Change, as this month’s big news announcement has once again demonstrated, is one of the few constants in Doctor Who. The fact that the programme has lasted in its various different forms for over 50 years is down to its ability to renew and revive itself and the most noticeable mechanism for this, of course, through the process of regeneration.
Regeneration has always been a shifting, flexible notion in the programme’s on-screen mythology which is fitting when you think about it for something that involves every cell in the body altering. Sometimes it happens through injury, sometimes illness, sometimes old age… Alarmingly, it can also happened seemingly on a whim for no particularly pressing reason at all, or be prevented from happening by force of effort. One thing that Doctor Who viewers have come to think of as consistent when it comes to regeneration is the idea that it causes substantial trauma – we’ve grown used to seeing the Doctor acting confused and rather more erratically than usual as he gets used to his new body.
Indeed, from the evidence we’ve seen, the Doctor does seem to suffer more than most who have the capacity to regenerate in the hours and days afterwards. Long spells of unconsciousness, manic episodes, fainting, mood swings, amnesia, an urge to try on questionable outfits – the Doctor has been through all of it. But others who have been through the process don’t, on the face of it at least, appear to go through the same gamut of traumas. Why should this be so?
Other on-screen regenerations have been relatively rare in Doctor Who’s long history. Romana’s transformation in that jokey opening to Destiny of the Daleks caused no ill effects whatsoever despite the frankly casual manner in which she seemed happy to rattle though her regenerations like someone flipping through a magazine at the hairdressers. The General seemed just fine after that recent gender-swapping change in Hell Bent and carried straight on with things without so much as taking the afternoon off.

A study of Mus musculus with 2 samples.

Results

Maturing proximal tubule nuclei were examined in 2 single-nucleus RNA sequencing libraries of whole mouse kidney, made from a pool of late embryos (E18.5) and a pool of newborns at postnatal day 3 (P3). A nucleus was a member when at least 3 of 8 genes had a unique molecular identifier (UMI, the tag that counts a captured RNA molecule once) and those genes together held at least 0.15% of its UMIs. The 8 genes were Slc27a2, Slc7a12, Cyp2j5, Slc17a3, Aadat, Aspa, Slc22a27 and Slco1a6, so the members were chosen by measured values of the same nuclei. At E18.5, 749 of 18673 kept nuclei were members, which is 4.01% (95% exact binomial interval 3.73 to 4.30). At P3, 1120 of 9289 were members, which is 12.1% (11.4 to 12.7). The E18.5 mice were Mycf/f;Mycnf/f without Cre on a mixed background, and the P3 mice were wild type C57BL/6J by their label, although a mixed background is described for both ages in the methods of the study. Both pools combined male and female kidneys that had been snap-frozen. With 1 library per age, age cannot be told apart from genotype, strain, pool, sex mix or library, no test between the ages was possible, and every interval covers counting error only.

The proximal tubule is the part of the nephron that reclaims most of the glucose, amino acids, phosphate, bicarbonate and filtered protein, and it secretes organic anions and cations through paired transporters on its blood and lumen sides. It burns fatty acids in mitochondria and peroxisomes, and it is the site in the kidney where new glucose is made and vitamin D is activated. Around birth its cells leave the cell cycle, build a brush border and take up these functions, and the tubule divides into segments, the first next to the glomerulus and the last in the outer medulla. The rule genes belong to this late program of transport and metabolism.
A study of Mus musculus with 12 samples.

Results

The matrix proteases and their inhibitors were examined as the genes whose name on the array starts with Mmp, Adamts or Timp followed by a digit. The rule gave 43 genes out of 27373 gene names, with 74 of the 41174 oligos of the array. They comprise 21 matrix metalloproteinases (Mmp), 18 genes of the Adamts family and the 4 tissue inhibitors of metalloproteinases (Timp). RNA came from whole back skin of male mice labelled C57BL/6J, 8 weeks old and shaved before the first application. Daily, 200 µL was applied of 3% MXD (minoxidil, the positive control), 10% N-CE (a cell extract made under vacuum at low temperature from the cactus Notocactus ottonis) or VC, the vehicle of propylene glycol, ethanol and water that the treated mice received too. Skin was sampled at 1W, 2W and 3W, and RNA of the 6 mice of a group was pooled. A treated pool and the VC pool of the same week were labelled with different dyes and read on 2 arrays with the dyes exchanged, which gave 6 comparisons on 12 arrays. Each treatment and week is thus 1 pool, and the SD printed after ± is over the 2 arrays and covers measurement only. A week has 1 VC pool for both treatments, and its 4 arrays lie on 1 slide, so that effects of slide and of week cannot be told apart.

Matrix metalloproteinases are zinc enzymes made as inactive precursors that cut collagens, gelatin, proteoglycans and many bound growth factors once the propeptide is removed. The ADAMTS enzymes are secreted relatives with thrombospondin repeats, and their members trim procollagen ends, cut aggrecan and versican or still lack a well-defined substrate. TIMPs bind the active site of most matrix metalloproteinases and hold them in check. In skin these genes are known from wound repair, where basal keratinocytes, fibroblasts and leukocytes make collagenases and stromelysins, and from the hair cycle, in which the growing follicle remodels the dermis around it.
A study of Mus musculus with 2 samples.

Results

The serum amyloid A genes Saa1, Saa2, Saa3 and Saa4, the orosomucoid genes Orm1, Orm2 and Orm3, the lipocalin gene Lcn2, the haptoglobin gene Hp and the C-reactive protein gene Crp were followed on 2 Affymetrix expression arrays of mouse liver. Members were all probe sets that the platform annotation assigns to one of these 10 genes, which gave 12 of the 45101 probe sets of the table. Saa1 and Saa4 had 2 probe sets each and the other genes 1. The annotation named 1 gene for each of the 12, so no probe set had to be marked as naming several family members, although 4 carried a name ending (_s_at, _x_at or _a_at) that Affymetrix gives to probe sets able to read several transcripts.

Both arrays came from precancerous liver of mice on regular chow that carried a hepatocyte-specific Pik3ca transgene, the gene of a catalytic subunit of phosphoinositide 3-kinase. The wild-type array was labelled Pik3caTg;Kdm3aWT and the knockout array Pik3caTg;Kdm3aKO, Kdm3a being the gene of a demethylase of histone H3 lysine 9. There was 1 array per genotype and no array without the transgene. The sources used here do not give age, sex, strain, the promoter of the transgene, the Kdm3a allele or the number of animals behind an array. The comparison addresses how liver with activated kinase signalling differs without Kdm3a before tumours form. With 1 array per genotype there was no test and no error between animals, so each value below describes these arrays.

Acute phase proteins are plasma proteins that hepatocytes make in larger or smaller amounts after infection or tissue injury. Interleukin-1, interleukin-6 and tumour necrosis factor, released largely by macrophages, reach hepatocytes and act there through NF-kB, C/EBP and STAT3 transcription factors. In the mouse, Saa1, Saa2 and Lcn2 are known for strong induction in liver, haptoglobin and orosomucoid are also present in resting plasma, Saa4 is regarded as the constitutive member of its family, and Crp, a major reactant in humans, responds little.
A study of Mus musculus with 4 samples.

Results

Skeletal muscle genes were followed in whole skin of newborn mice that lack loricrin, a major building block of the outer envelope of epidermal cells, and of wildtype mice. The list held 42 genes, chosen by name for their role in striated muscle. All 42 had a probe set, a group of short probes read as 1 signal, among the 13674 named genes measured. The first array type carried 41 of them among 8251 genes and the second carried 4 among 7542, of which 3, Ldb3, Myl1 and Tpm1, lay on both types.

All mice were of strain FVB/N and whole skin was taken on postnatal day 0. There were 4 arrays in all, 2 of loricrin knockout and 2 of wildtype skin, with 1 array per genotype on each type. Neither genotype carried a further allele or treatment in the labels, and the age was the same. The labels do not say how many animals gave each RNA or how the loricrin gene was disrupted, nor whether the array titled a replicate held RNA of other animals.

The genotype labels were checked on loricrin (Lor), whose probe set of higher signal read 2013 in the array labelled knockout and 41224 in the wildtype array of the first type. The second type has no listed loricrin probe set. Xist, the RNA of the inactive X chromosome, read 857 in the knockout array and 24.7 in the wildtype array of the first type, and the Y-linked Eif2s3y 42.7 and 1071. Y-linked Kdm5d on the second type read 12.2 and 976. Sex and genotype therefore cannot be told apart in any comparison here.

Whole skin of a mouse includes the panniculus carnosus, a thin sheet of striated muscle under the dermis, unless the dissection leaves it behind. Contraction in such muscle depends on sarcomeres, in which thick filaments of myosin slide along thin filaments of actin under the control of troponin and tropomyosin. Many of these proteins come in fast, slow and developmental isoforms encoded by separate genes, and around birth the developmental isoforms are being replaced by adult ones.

Granted, there have been regenerations where the person undergoing the process didn’t exactly seem to have come out of it unscathed. Think of the Master in Utopia, cackling and plotting the minute he turned into John Simm. But you could argue that this was just the Master being himself; the character was never happier than when he was dreaming up a new dastardly scheme and the subsequent episodes revolved around the idea that the character was mad rather than bad. We’ve also seen River regenerate twice in the series and again it’s possible that any outlandish behaviour displayed afterwards is attributable to other things the character had been through (in her case being trained as a killer from childhood).
So where does this leave us? Are we to conclude that the Doctor is particularly susceptible to post-regenerative ill effects? Is it a bit like hay fever, really bad hangovers or a dodgy tummy after eating seafood – some people suffer from it and some don’t? Did the Doctor miss a couple of crucial lessons at the Academy? Is it because he’s more than just a Time Lord? Is it because he’s half-human? Is it because showing other characters going through the same kind of trauma as the Doctor does would hold up the plot and become tiresome, so it’s conveniently overlooked?
As with so many things in Doctor Who, there isn’t not necessarily any hard-and-fast answer. But what do you think? Why might the Doctor be so much more prone to being all shook up by regeneration than others who go through it? Let us have your theories!